Special shippers: Pharma investment paces Benelux
Amsterdam Airport Schiphol, the third largest cargo hub in Europe, saw a 1-percent increase in throughput in the first six months of this year. But growth feels “sluggish,” according to Enno Osinga, senior vice president cargo.
“Nobody’s talking about the market picking up; it’s just changes in composition,” he says. “Inbound volumes from Asia grew a little in June, but a lot of it is capacity-driven. There is big growth from North America, but that’s partly because LAN was flying flowers from Bogota and is now going via Miami. Likewise, there are many shifts among SkyTeam alliance members where freighters are concerned.”
Schiphol’s belly-hold and combi volumes were up 2 percent year-over-year in June while freighter tonnage was fractionally down, continuing a pattern that began in 2011. Home carrier KLM is “one of the few carriers still running a large combi fleet,” Osinga says, and can carry 45 to 55 tonnes on its 747s.
The Air France-KLM-Martinair group has a 30 percent share of the flown cargo market to and from Europe. Following KLM’s transfer of its full-freighter activity to Martinair, three of KLM’s remaining B747-400 ERFs are operated by Martinair—though still in KLM livery—while a fourth is on lease to Etihad Airways.
Martinair also used to have four former combi B747-400 BCFs, two of which were operated for Air Cargo Germany until the carrier ran into financial problems. A spokesman for Martinair says these airplanes, plus a third that was operating in the group’s “Safari” livery, have gone back to their lessors (the Safari flight, linking Amsterdam, Sharjah, Guangzhou, Nairobi and Lagos, is now operated by one of the ERFs). With Martinair’s fourth BCF also due to be returned to its lessor, all four of the type will soon have been withdrawn from service.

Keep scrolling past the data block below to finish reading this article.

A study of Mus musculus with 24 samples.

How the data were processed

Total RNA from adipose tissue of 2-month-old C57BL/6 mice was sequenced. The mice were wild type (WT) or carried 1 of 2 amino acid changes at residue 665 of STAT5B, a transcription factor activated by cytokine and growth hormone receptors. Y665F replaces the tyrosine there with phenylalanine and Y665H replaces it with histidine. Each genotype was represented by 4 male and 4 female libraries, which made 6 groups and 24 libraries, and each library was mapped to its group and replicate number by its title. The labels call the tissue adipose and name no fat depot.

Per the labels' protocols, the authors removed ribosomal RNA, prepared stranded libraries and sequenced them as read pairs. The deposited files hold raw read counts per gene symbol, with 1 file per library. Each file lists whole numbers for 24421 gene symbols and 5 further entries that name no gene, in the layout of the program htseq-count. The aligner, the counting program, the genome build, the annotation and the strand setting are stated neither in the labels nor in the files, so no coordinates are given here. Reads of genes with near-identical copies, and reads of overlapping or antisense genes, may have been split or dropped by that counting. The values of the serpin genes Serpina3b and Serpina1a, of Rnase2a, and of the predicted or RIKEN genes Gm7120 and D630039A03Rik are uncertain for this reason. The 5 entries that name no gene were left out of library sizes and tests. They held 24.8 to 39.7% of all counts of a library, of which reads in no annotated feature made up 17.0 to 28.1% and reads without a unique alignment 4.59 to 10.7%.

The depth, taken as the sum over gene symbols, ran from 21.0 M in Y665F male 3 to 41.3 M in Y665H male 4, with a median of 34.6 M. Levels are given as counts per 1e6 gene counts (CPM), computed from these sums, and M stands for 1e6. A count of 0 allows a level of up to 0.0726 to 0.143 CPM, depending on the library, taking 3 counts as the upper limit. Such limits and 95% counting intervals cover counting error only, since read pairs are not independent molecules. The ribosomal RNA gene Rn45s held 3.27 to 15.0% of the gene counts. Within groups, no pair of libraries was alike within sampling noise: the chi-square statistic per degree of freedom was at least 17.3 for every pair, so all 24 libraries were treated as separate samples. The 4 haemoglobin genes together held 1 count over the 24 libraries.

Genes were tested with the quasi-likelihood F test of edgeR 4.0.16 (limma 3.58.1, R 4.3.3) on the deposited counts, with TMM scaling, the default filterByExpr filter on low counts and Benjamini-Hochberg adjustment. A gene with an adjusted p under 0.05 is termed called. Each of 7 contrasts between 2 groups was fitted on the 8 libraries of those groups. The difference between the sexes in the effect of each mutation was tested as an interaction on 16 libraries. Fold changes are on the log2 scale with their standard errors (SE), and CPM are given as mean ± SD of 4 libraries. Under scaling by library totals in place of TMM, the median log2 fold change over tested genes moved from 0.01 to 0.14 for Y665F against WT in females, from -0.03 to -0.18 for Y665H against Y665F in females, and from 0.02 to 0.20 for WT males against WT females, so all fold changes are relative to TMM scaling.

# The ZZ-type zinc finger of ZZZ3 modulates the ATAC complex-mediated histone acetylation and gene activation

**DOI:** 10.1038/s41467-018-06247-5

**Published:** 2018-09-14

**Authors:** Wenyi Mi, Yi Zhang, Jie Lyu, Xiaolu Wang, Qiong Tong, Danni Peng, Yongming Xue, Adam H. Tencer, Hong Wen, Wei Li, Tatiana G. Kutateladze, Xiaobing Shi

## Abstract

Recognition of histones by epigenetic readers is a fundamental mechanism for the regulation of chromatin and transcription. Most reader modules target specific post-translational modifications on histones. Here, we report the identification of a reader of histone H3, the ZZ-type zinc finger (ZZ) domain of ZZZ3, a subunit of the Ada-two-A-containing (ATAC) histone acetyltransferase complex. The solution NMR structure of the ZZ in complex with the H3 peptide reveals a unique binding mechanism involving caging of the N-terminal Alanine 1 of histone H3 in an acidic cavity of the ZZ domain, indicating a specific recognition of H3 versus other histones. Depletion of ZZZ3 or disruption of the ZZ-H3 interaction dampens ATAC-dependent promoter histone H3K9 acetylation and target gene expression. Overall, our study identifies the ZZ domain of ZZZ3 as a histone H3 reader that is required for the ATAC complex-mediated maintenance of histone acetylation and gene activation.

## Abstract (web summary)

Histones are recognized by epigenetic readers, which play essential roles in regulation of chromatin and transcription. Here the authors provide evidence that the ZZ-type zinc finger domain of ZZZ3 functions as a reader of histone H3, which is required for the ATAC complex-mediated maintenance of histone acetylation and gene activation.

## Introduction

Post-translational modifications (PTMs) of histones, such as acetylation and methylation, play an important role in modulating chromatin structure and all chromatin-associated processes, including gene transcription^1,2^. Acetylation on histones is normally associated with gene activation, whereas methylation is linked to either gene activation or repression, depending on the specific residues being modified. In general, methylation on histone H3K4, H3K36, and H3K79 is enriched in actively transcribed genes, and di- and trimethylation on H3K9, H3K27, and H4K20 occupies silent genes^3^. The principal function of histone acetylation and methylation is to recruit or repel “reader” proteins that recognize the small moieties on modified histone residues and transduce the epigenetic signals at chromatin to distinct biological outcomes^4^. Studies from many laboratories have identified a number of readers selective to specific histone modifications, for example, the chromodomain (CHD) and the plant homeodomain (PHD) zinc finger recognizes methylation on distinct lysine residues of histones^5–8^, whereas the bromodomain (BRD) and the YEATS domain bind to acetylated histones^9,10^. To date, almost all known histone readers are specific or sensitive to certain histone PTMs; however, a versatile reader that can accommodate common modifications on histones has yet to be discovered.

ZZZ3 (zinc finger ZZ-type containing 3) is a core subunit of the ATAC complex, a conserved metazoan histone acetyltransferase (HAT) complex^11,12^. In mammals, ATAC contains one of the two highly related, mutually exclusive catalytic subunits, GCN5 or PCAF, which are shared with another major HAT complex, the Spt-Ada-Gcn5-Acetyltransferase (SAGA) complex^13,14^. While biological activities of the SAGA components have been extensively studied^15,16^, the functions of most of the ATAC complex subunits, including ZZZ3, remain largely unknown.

The spokesman adds that Martinair has also disposed of one of its seven MD-11 freighters, “and there is a strong possibility a second may follow.”
The Benelux region’s strength in pharmaceuticals is relevant to this shift away from freighters. “Pharma customers have a strong preference for passenger flights because of their greater punctuality,” Osinga points out.
Amsterdam is a logical choice as a regional hub, he says.
“We have high-quality infrastructure and a more highly developed trucking network than anywhere else, especially in the direction of Germany,” he says. “The current business climate is right for single European distribution centers. Companies are consolidating their multiple locations, and the Netherlands is top of their list.”
Following its recent addition of warehouse capacity, Osinga says Schiphol Logistics Park is in advanced discussions with clients in the fashion and pharmaceutical sectors.
A recent example of the Netherlands’ appeal to major global brands came with Menlo Worldwide Logistics’ announcement in July that U.S. cosmetics company NYX had chosen to service its expanding Western Europe market through Menlo’s multi-user facility at Eersel, in the south of the country.
Menlo provides a range of services for NYX, from managing inbound air and oceanfreight to inventory control, order fulfillment and distribution. A media statement explained: “Although Germany is currently NYX’s largest market, Eersel was chosen for its high level of connectivity from an international and pan-European perspective.”
Helmut Kaspers , chief commercial officer West Europe for Damco, says it was the Netherlands’ reputation for well-educated staff with longstanding freight forwarding expertise that prompted the logistics provider to relocate its global headquarters from Copenhagen to The Hague earlier this year.
“The language skills and infrastructure are important, and the administrations in both countries [Belgium and the Netherlands] are supportive,” he says.
The region’s seaports are well placed to serve shippers and forwarders requiring multimodal solutions, Kaspers adds. Damco has reduced its use of airfreight except for must-fly pharmaceutical and IT shipments, consolidating air movements through Amsterdam and Frankfurt, but there are signs of a return to air as the general economy improves.